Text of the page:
NASA's Juno mission team faces delays on putting their spacecraft around Jupiter. The plan was supposed to happen on October 19, but for some reason, the engine of Juno is acting a little bit strange. Because of this, NASA is now looking to pull off the operation on December 11. The whole Juno mission team hopes to have enough time for them to study and figure out the unsolved engine problems of Juno.
Juno is a NASA space probe orbiting the planet Jupiter. It was built by Lockheed Martin and is operated by NASA's Jet Propulsion Laboratory. Its main goal is to understand the origin and evolution of planet Jupiter. Underneath its dense cloud cover, the whole mission believes that Jupiter safeguards secrets to the fundamental processes and conditions that governed our solar system during its formation.
According to The Verge, NASA is preparing for Juno to stick around Jupiter a lot longer than it had originally planned. The probe — which has been orbiting the gas giant since July — is going to stay in its 53-day orbit around the planet for a while, with no definitive plans at the moment to put the vehicle in a shorter orbit. Originally, NASA had hoped to have Juno in a two-week orbit by now, but ongoing engine troubles are delaying that move.
The problem regarding Juno's engine started last month when the spacecraft was about to do its second wing to Jupiter. It doesn't orbit the planet in circles but takes a highly elliptical part in order to avoid the radiation-filled environment around the Jupiter. As the engineers said, it is because of the malfunction with a pair of helium valves.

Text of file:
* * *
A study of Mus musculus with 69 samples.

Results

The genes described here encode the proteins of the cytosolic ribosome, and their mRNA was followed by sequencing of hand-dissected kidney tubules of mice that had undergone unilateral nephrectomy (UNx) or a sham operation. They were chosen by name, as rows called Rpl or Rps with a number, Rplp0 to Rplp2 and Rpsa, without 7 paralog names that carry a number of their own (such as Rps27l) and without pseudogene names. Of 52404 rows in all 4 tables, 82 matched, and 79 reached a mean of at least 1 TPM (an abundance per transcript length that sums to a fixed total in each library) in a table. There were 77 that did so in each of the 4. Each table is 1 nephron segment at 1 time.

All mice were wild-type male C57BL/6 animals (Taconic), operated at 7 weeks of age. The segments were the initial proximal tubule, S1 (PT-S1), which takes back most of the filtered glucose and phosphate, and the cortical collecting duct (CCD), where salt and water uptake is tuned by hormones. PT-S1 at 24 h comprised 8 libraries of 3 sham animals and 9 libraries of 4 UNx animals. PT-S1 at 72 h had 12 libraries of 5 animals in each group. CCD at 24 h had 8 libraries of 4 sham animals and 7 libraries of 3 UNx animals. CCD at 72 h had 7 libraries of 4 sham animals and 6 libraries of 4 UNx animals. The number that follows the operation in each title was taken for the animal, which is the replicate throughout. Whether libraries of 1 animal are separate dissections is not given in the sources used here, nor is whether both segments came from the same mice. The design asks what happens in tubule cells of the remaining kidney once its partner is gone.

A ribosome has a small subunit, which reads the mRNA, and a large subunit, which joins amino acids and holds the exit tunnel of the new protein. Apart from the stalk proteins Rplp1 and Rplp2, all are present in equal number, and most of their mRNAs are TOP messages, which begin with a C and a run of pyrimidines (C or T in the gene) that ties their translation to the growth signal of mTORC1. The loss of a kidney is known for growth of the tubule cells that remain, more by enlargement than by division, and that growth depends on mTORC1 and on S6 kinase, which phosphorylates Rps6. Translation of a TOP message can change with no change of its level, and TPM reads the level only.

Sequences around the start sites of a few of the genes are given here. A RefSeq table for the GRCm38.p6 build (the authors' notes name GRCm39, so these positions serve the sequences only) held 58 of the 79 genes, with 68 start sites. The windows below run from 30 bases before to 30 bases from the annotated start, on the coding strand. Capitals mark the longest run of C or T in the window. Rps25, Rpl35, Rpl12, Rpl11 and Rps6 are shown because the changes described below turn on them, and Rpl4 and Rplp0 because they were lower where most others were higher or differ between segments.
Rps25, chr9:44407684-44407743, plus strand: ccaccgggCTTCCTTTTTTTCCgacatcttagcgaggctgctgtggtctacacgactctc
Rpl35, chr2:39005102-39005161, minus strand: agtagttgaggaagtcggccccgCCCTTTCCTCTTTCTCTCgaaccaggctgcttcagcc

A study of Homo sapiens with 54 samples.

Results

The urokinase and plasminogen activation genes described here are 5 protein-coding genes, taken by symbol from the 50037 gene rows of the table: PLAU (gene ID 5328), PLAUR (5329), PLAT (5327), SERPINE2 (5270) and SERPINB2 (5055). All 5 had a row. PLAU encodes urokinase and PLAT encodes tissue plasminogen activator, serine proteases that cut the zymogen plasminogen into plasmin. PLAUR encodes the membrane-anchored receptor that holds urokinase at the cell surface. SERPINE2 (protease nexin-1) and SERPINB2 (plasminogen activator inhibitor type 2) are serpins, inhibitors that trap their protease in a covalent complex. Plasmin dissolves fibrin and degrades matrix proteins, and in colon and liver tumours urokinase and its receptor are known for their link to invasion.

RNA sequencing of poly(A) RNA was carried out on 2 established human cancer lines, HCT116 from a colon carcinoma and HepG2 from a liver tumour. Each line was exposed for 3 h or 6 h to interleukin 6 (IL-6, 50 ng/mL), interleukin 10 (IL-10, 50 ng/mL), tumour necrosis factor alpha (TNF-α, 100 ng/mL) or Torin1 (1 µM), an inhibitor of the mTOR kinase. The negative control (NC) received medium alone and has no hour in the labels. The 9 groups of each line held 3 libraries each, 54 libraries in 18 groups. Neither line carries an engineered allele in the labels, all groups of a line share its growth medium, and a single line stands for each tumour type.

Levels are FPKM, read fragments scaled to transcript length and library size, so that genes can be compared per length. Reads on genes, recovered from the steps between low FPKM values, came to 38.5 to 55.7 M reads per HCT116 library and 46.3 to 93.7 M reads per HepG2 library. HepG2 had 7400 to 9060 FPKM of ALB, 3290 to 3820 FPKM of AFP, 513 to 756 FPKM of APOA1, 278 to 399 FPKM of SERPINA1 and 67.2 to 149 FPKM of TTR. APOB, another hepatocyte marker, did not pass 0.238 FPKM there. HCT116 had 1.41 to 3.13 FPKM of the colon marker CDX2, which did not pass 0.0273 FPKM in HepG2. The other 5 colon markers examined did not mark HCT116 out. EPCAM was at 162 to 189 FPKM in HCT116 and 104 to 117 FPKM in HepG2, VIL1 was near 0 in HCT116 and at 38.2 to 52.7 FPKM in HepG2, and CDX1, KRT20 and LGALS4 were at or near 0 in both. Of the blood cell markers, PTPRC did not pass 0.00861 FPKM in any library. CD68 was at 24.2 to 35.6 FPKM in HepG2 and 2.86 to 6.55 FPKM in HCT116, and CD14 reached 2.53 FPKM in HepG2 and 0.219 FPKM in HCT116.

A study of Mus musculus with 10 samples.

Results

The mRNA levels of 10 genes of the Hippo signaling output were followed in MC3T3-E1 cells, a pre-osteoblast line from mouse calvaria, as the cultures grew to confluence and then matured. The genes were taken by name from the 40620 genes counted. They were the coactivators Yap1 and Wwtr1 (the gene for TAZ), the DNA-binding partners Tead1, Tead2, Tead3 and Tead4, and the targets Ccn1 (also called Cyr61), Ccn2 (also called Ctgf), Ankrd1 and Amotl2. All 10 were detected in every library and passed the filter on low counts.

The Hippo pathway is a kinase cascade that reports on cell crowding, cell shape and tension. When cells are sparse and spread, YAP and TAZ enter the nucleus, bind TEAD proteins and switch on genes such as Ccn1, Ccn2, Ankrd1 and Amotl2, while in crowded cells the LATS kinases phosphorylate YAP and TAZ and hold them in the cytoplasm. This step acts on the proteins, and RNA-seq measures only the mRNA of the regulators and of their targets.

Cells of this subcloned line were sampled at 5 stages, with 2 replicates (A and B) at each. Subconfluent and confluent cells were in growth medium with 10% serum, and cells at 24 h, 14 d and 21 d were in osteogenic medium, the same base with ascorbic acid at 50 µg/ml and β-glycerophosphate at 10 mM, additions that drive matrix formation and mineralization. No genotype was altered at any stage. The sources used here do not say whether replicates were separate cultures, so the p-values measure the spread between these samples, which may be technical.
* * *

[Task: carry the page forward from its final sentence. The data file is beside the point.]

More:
NASA engineers found that a few engine valves were taking longer to open than they were supposed to. "That is something that is significant because it can affect how the engine operates," Rick Nybakken, Juno project manager at NASA’s Jet Propulsion Laboratory, tells The Verge.
According to Gizmodo, as of now, engineers are still trying to find a solution to the helium valve issue. At a Lunar Exploration Analysis Group meeting last week,SpaceNews reports that James Green of the Planetary Science Division described NASA as taking a "very slow" approach to the problem.
"We're going to take another cycle around Jupiter and really study what's happening before we make a decision on what to do next," Green said.